How to Play My Guitar Solo from All That Remains' "Victory Lap"
This month, I’d like to detail the guitar solo I crafted for the All That Remains song “Victory Lap,” as heard on 2015’s The Order of Things. As always, when composing this solo, I considered the elements that already exist in the composition, such as the various themes and variations that are built into it, and the rhythmic interplay between each of the licks as the solo progresses. The “direction of the line” is my guiding concept.
FIGURE 1 illustrates the rhythm part played behind the solo: this 18-bar passage consists mostly of whole-note and half-note power chords, with eighth- and 16th-note palm muted accents added in bars 8, 9 and 11. The overall tonality is based on the relative major/minor axis of the keys of A major and F# minor.
FIGURE 2 details the main riff of “Victory Lap,” which is built from steady eighth-note arpeggios that outline the progression A-E-F#m. When playing through this part, be sure to palm-mute the open low E and A strings throughout. In formulating the guitar solo, my goal was to reference and incorporate the melodic nature of this part.
The result is shown in FIGURE 3: sounding mostly eighth notes, this line makes direct reference to the chord shift from A to E, resolving to the relative minor, F#m, at the end of the phrase. That riff is harmonized on the recording a third higher, diatonic to the A major scale (A B C# D E F# G#), via the line shown in FIGURE 4.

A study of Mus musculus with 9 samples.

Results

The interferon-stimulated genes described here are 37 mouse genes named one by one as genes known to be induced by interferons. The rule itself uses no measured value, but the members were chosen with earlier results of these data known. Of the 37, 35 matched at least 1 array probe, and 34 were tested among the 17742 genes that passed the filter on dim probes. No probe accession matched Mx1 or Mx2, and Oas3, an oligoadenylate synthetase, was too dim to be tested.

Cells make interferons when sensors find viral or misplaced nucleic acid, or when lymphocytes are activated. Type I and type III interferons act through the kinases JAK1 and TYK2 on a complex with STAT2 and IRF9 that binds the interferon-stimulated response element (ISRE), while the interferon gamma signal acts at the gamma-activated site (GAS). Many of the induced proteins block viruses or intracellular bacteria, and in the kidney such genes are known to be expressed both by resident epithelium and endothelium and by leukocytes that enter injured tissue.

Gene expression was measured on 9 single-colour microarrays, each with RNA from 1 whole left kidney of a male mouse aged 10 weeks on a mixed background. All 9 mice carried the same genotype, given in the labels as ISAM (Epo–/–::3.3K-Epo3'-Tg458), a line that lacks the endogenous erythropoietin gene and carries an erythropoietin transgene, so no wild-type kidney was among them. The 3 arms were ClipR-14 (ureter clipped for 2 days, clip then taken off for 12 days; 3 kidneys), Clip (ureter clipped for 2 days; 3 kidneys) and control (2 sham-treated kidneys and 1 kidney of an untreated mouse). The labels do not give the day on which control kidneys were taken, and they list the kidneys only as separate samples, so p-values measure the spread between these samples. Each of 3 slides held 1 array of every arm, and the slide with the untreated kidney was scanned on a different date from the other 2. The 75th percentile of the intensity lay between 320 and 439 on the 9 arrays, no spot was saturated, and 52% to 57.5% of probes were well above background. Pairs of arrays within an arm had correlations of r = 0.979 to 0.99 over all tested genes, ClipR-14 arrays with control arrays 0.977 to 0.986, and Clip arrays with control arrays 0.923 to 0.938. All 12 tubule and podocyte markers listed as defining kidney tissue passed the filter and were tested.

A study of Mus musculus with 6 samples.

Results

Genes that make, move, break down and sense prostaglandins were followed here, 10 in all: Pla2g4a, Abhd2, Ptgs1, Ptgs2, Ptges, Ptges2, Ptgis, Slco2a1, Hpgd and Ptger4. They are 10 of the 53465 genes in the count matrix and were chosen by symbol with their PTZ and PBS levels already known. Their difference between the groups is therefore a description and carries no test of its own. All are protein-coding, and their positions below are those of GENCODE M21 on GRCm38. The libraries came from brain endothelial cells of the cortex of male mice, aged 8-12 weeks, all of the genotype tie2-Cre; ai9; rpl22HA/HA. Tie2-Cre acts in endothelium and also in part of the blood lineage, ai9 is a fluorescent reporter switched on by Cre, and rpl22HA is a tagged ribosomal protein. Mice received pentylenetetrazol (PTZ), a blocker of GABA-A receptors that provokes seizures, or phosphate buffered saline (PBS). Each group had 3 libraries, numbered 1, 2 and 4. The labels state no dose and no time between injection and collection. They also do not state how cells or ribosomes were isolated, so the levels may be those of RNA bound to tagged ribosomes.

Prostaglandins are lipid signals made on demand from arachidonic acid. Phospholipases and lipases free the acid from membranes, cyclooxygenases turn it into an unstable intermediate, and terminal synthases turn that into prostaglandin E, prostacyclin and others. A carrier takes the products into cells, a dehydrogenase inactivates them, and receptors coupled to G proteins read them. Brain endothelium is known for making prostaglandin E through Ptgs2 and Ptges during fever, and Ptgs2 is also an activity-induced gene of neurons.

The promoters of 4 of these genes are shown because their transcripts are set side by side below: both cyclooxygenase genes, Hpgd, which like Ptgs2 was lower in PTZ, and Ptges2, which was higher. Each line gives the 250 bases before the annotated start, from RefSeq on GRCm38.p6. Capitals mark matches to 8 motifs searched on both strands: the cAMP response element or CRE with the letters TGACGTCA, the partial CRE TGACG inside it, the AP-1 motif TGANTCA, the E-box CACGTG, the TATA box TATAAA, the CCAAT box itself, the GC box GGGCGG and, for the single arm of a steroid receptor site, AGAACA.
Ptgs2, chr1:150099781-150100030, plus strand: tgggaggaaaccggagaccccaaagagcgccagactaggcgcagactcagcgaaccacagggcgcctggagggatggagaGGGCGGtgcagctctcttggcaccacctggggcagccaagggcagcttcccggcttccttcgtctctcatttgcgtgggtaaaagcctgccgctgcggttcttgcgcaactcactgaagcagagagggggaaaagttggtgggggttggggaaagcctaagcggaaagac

Through the next sections, I tried to push the intensity of the solo a little higher as it progresses, in the style of Queen’s Brian May. FIGURE 5 is built from an ascending eighth-note triplet pattern that’s also based on the A major scale, followed with the line in FIGURE 6, wherein the concept is re-configured in straight 16th notes. Over C#5, I switch to an F# diminished seven arpeggio, illustrated in bar 1 of FIGURE 7, which moves across three octaves, followed by a fast legato run sounded with repeating hammer/pulls on the high E string along with a single fretboard tap.
The pre-chorus is up next, so I borrowed from the vocal melody to play the relatively simple phrase shown in FIGURE 8, which concludes with a quickly descending F#m arpeggio. FIGURE 9 shows the final solo phrase, which is based on the chorus vocal melody while also revisiting ascending eighth-note triplet rhythms. To me, this solo unifies the composition overall while also serving to move it forward in musicality and intensity.
This is my last column for the time being. I hope you enjoyed these lessons and look forward to seeing you out on the road!